Published by Christine

This article was originally written for BellaOnline, but is republished here for posterity.

The FIA, and Max Mosley in particular, have long been talking about making Formula 1 sport more cost effective and better for the environment. In an attempt to get some team input on the way the sport is going, Mosley asked the teams to come up with some regulations for the 2011 season that would be acceptable to them, but also adhere to his two stipulations.

In response, teams have gathered together to set up the Formula One Teams Association, FOTA for short. Representatives of all the teams met at the Ferrari headquarters in Italy ahead of the Hungarian Grand Prix to discuss matters.

At the moment, that's really all we know about the new association. Being only a week old, they haven't announced any specific plans or decisions, but it seems like work is underway. Ross Brawn has spoken out recently, saying that he would be happy to head up the technical side of things for the group, if they don't mind him doing so. Brawn has turned several struggling teams into championship winners, so he has the credentials to take on the role of coming up with technical regulations.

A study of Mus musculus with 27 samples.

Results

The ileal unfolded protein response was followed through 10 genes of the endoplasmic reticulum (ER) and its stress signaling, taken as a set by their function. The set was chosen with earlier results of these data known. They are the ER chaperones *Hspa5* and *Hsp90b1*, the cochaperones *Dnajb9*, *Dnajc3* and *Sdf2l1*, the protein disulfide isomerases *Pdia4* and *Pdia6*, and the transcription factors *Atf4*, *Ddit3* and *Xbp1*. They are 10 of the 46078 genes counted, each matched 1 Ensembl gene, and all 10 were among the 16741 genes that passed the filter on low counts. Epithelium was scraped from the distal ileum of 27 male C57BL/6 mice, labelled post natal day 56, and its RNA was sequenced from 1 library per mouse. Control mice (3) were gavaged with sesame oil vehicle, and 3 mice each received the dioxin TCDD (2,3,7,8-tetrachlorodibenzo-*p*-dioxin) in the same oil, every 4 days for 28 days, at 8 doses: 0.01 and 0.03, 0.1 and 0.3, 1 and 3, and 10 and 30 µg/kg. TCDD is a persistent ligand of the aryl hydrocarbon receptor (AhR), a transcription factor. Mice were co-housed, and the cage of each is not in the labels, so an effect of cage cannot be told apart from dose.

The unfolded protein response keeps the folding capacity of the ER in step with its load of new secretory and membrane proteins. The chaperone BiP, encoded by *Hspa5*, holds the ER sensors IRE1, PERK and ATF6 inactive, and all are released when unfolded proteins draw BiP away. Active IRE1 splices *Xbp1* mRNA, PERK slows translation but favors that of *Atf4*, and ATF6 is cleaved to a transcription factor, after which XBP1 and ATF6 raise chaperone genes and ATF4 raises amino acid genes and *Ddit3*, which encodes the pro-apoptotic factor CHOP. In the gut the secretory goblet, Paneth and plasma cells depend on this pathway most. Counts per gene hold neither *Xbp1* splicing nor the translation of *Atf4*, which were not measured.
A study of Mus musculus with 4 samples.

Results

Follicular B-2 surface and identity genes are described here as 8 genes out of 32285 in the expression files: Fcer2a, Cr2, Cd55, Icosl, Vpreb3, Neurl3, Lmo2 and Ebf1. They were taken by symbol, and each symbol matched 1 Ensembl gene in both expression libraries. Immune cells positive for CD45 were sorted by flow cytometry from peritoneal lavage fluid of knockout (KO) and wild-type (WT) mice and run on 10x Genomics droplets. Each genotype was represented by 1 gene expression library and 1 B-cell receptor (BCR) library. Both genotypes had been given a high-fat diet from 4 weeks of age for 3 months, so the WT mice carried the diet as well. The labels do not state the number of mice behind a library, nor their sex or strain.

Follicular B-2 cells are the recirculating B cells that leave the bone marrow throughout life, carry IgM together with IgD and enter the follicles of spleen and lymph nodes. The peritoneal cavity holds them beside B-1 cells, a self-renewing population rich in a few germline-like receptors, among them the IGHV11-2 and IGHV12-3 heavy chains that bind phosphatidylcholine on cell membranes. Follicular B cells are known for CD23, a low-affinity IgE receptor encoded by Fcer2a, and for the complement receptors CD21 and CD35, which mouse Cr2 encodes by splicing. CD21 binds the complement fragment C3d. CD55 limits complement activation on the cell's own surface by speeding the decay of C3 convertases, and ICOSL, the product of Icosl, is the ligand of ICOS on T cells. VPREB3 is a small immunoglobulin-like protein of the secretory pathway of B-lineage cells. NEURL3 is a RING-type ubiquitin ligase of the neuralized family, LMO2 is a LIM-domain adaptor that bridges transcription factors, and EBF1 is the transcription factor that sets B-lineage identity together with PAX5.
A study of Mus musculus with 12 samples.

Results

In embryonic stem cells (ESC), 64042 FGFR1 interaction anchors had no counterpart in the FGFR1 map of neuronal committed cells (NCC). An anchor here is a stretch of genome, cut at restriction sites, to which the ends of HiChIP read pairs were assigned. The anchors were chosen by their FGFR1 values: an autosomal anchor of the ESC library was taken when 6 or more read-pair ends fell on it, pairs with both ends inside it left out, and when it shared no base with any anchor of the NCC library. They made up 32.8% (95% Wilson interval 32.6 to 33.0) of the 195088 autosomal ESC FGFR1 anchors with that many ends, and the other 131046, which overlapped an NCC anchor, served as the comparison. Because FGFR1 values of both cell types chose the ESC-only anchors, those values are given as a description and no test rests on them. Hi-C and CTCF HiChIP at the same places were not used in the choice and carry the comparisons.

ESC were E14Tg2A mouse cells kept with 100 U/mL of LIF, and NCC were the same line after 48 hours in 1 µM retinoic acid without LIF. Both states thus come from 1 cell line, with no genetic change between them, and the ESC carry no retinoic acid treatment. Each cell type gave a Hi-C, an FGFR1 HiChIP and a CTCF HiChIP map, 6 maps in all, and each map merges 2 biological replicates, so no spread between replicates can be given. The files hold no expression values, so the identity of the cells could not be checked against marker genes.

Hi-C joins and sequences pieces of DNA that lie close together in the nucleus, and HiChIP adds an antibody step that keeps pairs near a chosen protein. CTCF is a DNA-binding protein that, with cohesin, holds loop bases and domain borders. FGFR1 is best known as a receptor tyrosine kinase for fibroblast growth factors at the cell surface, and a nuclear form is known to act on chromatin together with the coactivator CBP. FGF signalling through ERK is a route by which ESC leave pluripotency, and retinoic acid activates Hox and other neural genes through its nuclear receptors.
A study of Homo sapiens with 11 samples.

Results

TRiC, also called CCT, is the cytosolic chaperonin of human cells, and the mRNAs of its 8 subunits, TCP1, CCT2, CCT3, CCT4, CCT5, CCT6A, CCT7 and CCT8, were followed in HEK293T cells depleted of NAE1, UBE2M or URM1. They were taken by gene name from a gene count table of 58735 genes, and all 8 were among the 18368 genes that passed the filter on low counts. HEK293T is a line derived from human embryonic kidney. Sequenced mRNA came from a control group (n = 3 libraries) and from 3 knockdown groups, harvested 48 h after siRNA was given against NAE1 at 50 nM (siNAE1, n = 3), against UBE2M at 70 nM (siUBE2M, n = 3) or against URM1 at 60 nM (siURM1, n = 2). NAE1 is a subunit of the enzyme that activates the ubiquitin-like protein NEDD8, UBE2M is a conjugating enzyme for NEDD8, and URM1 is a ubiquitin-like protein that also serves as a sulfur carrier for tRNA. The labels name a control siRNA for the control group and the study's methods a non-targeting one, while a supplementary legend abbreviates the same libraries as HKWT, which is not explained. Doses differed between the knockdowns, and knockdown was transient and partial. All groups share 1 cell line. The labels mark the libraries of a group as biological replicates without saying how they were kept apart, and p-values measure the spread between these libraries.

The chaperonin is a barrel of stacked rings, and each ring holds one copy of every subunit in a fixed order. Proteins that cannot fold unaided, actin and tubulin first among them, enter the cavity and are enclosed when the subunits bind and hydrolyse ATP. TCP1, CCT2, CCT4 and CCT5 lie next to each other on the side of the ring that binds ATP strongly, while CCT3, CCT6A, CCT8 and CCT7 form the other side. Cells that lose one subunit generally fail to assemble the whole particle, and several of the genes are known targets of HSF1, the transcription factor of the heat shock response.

What isn't clear, is how this new association differs from the old FOCA - Formula One Constructors Association. This group was started in the 1970s, to try and protect the teams interests. Bernie Ecclestone played a big part in proceedings, securing rights and revenue deals for the teams. The association even had an all out war with the FISA - the predecessor to the FIA. It has plenty of history and a strong recognisable presence within the sport.

Why the teams have decided to abandon that and come up with their own group is a mystery. There is speculation that the name change is because Formula 1 is moving more towards regulations where it is not necessary to be a constructor, but a customer team is acceptable as well. The previous rows with Toro Rosso and Super Aguri have shown that this is a difficult and sensitive subject.

Either way, if the FOTA can stand up to some of Mosley's more unfavourable demands, and even get working on a new Concorde Agreement, then I think they are worthwhile.